There are few things as universal as a mother’s love. Kiva loans support a hugely diverse range of borrowers, hailing from over 80 different countries, but one thing remains a constant: the touching stories we hear of mothers putting the well-being and education of their children above all else.

Although we all have plenty of reasons to call our mom or send her a card this Mother's Day, here are 3 women who will further inspire you:



Sento lives in Makeni City, Sierra Leone and sells local food, soft drinks, and condiments out of a small store on the side of a main road.

She works 16 hours every day and sleeps in a tiny room behind her shop in order to make sure her inventory doesn’t get stolen. Sento’s proudest achievement is that her earnings will allow her 4 children to attend junior high and high school. Her greatest goal is to eventually be able to send them all to university, a chance she didn’t have herself.

“In those days they didn’t allow women to go to school, but now it is different,” Sento said.

Sento is on her fourth loan through Kiva and  has been able to support her family by expanding her shop and buying more products. She has used the increased earnings to purchase a piece of land on which she will build a new dwelling and a more permanent shop space. The new arrangement will allow her to ensure the safety of her merchandise while sleeping comfortably in her own home and will provide bigger market opportunities.



Fesulai is a mother of 8 who lives in a small seaside village near Samoa’s capital, Apia. Fesulai and her husband are a resourceful pair who provide for their family by running 3 businesses together. Their main source of income is fishing, so Fesulai has used most of her loan from Kiva to purchase fishing equipment. Additionally, she bakes chicken-filled buns that are sold at the village’s Bingo nights. The couple has also purchased a weed-eater and are supplementing their income by cutting the lawns of some of the residents of their village. Although Fesulai wishes to improve her home and to buy a secondhand vehicle, she is putting her needs on hold until she is able to earn enough money to put all of her children through school.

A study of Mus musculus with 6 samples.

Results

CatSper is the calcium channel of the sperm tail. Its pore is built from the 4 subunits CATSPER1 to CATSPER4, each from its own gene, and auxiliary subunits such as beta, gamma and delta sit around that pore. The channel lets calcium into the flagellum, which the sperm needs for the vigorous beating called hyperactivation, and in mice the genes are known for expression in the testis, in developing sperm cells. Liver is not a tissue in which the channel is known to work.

Ni Wayan is the leader of the Bun Lestari group in Indonesia. She is a rice and cacao farmer who used her Kiva loan to purchase pigs which she plans to raise and sell. The yield of her rice crops depends largely on the weather, which has been unpredictable in the past few years. Ni Wayan was able to anticipate a lack of crop yields and has will be using the pigs to stabilize her family’s income. Her wish is that all of the women in her group are able to purchase more pigs and hopes that their selling price increases so they can all earn a higher income.  Her children are her biggest priority and she plans on doing all she can to help them continue their education. Her biggest wish is for them to learn English so they can work in the nearby Denpasar airport where they will be able to earn a good salary. 

Dorothy Canfield Fisher once said, “A mother is not a person to lean on, but a person to make leaning unnecessary.” Every day, mothers all around the world make sacrifices, both big and small, to ensure the success and happiness of their children. This Mother’s Day, let’s all honor the dedicated and generous mamas in our lives by showing them some extra love.